Magnet Dynamic Duos Class Notes

Instructor: Armando Diaz
Date Taken: August 2009

Inspired by the likes of 2-Square and TJ & Dave, I really wanted to try out 2-person improv.  Not only is it amazingly fun and challenging to do, it also helps you become a stronger improviser for any form.

The following notes are from my first class at The Magnet Theater. Learn more about the Magnet training program here.

The Dynamic Duo class is focused on teaching how to do a 2-person improv show. You sign up with a partner and work with them for 4 classes, and then do a 2-person show along with your fellow classmates.

Class #1

  • Two options for duo shows: 
  • (1) Long, slower paced, such as 1 scene with 2 characters 
  • (2) Faster paced, multiple scenes and multiple characters 
  • Starting slow helps you work on the fundamentals 
  • A 2 person scene has to be interesting. Try to find that first interesting thing
  • Be vulnerable & sensitive to everything your partner does 
  • Be aware of the subtext of your character’s choices 
  • Beginnings are 90% of the success of a scene 
  • Object work: make us see where you are 
  • We tend to favor dialog, don’t forget physicalization 
  • Your environment can inform your scene, can give you something to go back to 
  • You can have multiple characters in 1 environment 
  • Use different parts of the stage to define different parts of a location 
  • Having characters in a certain part of the stage makes it easier to go back to other characters 
  • For second beats, assume something has happened in between 
  • Your environment really helps establish where you are and is very helpful when you want to connect scenes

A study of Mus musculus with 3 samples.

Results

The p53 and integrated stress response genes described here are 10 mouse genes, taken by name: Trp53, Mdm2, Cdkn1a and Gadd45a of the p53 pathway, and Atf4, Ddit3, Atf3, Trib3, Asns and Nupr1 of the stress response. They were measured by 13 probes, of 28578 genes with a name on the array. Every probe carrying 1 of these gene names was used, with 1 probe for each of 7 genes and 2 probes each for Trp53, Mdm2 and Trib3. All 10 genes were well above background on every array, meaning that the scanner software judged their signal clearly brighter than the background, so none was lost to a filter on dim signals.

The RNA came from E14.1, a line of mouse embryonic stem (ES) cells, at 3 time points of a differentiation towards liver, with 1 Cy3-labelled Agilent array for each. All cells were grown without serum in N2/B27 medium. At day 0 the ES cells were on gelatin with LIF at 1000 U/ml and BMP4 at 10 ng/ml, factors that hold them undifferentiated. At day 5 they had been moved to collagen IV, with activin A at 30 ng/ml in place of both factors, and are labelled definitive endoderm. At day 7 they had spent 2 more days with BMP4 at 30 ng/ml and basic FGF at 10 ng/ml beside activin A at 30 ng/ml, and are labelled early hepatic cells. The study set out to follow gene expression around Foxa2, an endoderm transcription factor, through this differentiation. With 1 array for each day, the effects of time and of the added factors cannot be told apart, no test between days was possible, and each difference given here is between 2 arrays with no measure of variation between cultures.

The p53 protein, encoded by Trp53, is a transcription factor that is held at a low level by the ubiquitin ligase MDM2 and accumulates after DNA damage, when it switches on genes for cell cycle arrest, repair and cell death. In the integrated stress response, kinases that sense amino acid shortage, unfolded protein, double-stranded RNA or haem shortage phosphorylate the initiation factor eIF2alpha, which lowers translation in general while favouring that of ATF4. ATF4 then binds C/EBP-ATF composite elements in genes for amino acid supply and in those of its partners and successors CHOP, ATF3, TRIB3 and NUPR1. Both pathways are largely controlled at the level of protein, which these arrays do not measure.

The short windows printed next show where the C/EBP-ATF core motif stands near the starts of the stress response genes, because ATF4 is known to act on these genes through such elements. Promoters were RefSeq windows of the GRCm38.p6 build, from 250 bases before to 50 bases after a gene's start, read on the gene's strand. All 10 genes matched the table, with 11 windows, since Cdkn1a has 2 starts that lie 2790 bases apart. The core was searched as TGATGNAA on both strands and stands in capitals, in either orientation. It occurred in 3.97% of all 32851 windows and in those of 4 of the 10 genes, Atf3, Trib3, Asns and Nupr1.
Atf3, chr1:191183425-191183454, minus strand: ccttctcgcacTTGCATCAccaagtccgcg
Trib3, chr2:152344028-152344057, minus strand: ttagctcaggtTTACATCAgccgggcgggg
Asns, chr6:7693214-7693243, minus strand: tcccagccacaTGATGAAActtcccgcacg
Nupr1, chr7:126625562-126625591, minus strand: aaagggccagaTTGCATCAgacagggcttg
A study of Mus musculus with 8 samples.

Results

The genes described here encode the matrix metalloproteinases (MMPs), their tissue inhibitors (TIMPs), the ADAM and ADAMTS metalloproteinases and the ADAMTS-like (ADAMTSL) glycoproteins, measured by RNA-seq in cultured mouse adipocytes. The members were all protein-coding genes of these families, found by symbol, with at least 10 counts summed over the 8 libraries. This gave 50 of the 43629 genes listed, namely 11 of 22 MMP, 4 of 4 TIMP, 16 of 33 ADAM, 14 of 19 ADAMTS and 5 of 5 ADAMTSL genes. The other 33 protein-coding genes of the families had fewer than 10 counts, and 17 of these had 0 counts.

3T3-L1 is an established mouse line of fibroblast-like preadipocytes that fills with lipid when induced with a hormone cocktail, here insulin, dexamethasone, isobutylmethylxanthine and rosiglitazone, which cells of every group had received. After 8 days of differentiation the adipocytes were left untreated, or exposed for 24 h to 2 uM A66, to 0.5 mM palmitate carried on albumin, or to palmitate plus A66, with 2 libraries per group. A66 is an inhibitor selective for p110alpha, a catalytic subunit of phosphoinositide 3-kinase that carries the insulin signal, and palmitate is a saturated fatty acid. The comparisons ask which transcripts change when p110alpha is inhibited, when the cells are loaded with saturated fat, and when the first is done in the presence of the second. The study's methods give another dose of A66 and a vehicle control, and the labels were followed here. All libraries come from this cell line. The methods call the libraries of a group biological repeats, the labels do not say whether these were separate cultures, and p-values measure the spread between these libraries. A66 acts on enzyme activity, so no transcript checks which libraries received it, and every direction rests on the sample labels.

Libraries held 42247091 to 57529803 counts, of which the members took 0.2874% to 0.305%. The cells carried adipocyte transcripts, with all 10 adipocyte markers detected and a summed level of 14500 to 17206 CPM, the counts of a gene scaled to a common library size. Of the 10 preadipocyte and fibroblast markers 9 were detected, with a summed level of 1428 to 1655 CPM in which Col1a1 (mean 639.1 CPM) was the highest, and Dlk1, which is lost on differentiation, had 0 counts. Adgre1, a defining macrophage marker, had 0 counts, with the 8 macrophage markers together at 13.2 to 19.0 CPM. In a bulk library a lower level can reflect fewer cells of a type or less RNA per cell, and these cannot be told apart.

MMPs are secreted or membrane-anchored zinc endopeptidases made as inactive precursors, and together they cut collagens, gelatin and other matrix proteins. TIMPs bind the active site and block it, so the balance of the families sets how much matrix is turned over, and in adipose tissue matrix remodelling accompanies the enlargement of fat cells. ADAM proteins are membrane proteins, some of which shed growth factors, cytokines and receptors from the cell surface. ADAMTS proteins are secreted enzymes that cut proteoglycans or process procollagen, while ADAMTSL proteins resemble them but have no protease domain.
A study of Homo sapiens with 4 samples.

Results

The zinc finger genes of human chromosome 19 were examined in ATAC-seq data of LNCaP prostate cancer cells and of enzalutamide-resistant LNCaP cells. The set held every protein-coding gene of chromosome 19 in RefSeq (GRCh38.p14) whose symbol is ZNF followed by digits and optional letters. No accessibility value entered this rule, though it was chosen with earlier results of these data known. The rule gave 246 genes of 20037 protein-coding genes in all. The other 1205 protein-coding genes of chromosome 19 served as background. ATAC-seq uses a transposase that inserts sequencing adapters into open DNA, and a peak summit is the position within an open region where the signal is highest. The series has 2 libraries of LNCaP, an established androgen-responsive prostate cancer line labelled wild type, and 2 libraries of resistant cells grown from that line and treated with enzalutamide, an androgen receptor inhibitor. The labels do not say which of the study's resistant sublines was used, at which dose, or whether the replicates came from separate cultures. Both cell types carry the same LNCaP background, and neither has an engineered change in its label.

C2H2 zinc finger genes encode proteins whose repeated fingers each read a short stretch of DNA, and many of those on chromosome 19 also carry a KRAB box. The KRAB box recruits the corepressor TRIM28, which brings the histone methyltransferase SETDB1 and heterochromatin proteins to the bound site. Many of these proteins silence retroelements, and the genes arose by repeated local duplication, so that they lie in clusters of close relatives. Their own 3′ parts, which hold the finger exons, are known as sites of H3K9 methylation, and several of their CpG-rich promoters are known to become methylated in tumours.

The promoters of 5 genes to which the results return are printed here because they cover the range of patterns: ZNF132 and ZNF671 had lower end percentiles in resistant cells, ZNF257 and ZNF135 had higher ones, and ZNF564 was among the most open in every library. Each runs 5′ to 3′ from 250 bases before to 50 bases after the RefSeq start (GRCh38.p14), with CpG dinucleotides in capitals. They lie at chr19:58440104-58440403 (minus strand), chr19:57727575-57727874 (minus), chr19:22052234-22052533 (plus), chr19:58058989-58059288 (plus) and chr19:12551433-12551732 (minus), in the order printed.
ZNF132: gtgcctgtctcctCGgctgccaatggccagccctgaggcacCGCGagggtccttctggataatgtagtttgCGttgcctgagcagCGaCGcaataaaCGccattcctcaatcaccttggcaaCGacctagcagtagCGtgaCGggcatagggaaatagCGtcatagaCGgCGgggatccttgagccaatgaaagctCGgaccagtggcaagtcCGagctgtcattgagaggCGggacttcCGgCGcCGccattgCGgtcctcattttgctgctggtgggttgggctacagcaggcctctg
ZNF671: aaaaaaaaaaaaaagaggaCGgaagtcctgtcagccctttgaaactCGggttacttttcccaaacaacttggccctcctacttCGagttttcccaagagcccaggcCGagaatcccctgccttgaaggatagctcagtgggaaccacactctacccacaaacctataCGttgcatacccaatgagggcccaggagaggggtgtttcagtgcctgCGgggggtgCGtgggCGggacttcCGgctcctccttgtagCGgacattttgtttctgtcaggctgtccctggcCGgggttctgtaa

Class #2 

  • Each scene you want to find something strong 
  • Always remember status 
  • The game deals with pattern of behavior (point of view) 
  • Don’t talk about a concept, explore it 
  • The most interesting part of any scene is the characters’ reactions to things in the scene 
  • Make a choice of who you are 
  • At the top of scenes, it’s even more important to make declarations 
  • Avoid telling the story of your character, show it 
  • There’s a tendency to want to describe or explain your game, but its more rewarding if you just do it 
  • The details can really tell you about yourself, scene, or partner 
  • Personal details make your characters come to life 
  • Specific details are less risky than generic details 
  • Your object work should be good enough to define your location without you having to verbalize it 
  • Your first beats of scenes should be separate and distinct. it  gives you more variety when you bring them together 
  • Opening options: monologue, documentary, ms jackson (hot spot based on suggestion), invocation

Class #3

  • Start with a want or destination 
  • Your first scene should give you lots of possibilities 
  • Start with relationship between 2 people 

Class #4

  • Don’t worry about where your scene is going or how funny it is, worry about knowing your character and your relationship 
  • The objects in your scene can be extensions or at least tell us more about your character 
  • Monoscenes can still have beats that just happen in real time 
  • Edit on a laugh. you can always come back. 
  • Make your characters more distinctive so you can easily recognize them 
  • When you leave a scene and come back, give yourself the gift of time lapse and be in the middle of something 


Andrew Tarvin is the world’s first Humor Engineer teaching people how to get better results while having more fun. He has worked with thousands of people at 250+ organizations, including P&G, GE, and Microsoft. He is a best-selling author, has been featured in The Wall Street Journal, Forbes, and TEDx, and has delivered programs in 50 states, 20+ countries, and 6 continents. He loves the color orange and is obsessed with chocolate.